White House TV comedy aims for laughs, not politics
There is a crazy family living at the White House, but it's not the Obamas. It's the Gilchrists, whose never-ending follies pulse and push upcoming TV comedy romp '1600 Penn'.
There is a crazy family living at the White House, but it's not the Obamas. It's the Gilchrists, whose never-ending follies pulse and push upcoming TV comedy romp "1600 Penn".
Starring Bill Pullman as US President Dale Gilchrist and Jenna Elfman as his first lady, the show's co-creator Josh Gad said on Friday that there is plenty of precedent for family madness at the Oval Office.
"You can look as far back as Mary Todd Lincoln and you can see dysfunction in the halls of the White House," Gad told reporters on a conference call, referring to the wife of Civil War President Abraham Lincoln.
Gad, who shot to prominence in the Tony-winning musical "The Book of Mormon," also plays the error-prone, good-intentioned son Skip, who with his three younger siblings backstop the earnestness of his father and step-mother.
"We really wanted to dissect what it meant to be a family in the most extraordinary of circumstances - and what's more extraordinary than being the first family?" Gad said.
The show, which takes its title from the 1600 Pennsylvania Avenue street address of the White House, debuts on January 10 on NBC.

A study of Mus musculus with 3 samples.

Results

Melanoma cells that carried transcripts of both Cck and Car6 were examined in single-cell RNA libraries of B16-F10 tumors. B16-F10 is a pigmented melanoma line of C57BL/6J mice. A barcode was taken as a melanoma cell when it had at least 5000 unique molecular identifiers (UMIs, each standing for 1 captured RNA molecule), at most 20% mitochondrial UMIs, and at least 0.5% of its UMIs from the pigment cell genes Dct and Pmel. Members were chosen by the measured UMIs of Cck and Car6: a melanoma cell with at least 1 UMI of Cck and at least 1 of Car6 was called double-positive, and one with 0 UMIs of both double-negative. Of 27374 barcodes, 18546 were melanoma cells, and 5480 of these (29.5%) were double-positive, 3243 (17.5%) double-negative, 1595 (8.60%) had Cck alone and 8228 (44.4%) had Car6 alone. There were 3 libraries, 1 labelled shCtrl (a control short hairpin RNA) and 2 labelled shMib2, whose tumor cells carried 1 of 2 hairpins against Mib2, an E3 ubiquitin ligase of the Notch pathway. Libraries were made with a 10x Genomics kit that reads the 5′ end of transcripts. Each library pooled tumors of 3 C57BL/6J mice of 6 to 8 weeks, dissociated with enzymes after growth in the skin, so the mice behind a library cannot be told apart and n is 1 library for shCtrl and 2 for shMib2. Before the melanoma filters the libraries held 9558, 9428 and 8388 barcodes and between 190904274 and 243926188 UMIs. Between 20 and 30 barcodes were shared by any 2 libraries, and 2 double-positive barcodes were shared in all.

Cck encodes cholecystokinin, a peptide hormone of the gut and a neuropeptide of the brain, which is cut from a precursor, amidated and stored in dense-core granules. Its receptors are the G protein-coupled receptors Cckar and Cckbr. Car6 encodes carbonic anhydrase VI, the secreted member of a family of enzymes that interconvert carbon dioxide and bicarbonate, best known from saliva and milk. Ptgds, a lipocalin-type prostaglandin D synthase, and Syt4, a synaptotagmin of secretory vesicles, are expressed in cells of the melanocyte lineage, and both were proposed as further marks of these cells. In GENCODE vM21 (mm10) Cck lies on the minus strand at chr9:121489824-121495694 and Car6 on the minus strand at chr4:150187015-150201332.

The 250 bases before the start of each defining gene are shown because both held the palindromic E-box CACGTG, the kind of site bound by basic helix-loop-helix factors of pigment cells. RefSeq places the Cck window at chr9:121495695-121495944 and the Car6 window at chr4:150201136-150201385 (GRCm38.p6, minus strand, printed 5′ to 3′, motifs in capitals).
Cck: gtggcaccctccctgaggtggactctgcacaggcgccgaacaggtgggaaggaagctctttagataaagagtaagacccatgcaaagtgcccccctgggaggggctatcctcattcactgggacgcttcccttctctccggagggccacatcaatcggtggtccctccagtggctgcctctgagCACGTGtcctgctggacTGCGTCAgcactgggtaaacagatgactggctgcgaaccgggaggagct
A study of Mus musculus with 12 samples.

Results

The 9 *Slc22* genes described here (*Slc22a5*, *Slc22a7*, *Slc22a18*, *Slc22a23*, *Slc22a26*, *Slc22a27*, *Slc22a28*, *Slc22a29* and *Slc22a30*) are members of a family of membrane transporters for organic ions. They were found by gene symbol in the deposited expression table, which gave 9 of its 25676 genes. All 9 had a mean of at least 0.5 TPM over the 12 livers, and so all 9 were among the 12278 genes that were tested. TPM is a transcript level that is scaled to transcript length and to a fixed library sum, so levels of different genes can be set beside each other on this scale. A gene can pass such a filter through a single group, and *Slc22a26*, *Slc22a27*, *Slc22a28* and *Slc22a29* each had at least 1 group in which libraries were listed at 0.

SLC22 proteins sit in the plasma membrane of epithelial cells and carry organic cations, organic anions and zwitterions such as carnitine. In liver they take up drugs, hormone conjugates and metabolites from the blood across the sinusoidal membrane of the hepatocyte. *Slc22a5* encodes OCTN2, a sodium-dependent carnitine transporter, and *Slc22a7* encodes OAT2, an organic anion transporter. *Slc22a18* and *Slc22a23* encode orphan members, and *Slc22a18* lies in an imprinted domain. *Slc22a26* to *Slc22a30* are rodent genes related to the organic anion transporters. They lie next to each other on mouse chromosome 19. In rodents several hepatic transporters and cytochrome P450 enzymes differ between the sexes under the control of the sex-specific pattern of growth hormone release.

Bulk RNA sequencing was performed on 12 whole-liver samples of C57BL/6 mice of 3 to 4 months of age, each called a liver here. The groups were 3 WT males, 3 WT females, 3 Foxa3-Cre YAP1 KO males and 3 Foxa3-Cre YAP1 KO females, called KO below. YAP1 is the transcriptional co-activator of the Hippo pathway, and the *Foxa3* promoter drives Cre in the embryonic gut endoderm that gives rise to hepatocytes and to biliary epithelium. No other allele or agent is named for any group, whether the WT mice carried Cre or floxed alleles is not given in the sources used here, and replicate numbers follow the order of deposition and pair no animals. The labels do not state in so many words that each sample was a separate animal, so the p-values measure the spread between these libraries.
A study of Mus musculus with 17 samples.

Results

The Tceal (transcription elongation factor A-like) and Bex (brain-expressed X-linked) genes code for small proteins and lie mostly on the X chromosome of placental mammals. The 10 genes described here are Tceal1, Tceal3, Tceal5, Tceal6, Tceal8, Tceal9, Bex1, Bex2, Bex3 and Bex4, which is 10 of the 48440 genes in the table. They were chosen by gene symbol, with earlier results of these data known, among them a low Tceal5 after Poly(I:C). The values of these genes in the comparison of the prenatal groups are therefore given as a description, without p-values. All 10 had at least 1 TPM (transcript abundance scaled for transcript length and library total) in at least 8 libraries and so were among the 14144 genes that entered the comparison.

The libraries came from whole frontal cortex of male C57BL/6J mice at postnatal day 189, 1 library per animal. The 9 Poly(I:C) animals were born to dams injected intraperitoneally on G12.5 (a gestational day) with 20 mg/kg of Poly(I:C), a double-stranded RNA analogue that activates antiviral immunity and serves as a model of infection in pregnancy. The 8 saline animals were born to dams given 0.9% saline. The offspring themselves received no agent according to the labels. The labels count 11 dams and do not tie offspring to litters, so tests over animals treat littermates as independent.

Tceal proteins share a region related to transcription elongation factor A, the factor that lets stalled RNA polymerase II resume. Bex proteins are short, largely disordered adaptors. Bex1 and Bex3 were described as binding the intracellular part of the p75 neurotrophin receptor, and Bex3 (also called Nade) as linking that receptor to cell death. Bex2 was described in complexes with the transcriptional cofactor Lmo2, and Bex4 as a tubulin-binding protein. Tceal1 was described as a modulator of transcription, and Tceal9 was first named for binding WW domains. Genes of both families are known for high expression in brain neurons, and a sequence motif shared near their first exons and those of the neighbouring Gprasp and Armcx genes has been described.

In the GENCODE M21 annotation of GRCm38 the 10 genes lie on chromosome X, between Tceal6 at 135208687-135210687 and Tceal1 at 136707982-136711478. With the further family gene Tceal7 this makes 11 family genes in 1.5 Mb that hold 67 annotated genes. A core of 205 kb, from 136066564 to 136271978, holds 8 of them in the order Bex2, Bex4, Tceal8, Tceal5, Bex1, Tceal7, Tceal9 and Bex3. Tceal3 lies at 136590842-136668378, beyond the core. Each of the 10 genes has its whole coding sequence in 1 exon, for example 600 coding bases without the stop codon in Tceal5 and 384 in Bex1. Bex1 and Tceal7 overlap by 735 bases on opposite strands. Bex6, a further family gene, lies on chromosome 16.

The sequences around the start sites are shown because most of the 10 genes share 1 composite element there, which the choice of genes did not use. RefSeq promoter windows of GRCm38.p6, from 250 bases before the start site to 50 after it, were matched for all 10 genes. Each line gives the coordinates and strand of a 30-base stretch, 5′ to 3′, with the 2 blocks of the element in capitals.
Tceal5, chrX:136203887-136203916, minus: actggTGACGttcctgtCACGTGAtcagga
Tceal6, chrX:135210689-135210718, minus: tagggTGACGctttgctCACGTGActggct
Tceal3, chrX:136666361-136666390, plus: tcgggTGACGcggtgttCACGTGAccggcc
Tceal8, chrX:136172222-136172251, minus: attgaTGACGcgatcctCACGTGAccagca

It sees Skip crashing a Latin American trade meeting at the White House and helping convince the region's leaders to abandon the arm-twisting Brazilian president and cut a deal instead with his father - summoning their courage with booze.
It is all part of Skip's plan to redeem himself after causing a public relations embarrassment by burning down a fraternity house at his college.
"It's like a drop of a political thing that will spark a family problem," Elfman said, whose character struggles to win the trust of her step-children and fights the media's trophy-wife label.
"1600 Penn," is co-created by Jon Lovett, a former speechwriter for President Barack Obama.
The White House has been successful grounds for TV in the past, inspiring shows like Aaron Sorkin's drama series "The West Wing" from 1999-2006, and Julia Louis-Dreyfus's Emmy-winning turn as a frustrated vice president in the satirical "Veep."
But Gad said "1600 Penn" has no interest in party politics and that President Gilchrist's party affiliation is deliberately vague.
"I can't emphasize that enough," Gad said. "We never set out to make a political show."
Nevertheless, Pullman, who played the president in the 1996 blockbuster film "Independence Day," said the 2012 US presidential race gave him plenty of fodder to study.
"It was a surreal time to be making this because of the campaign going on," Pullman said. "Every day that we were shooting (the race) was in the news."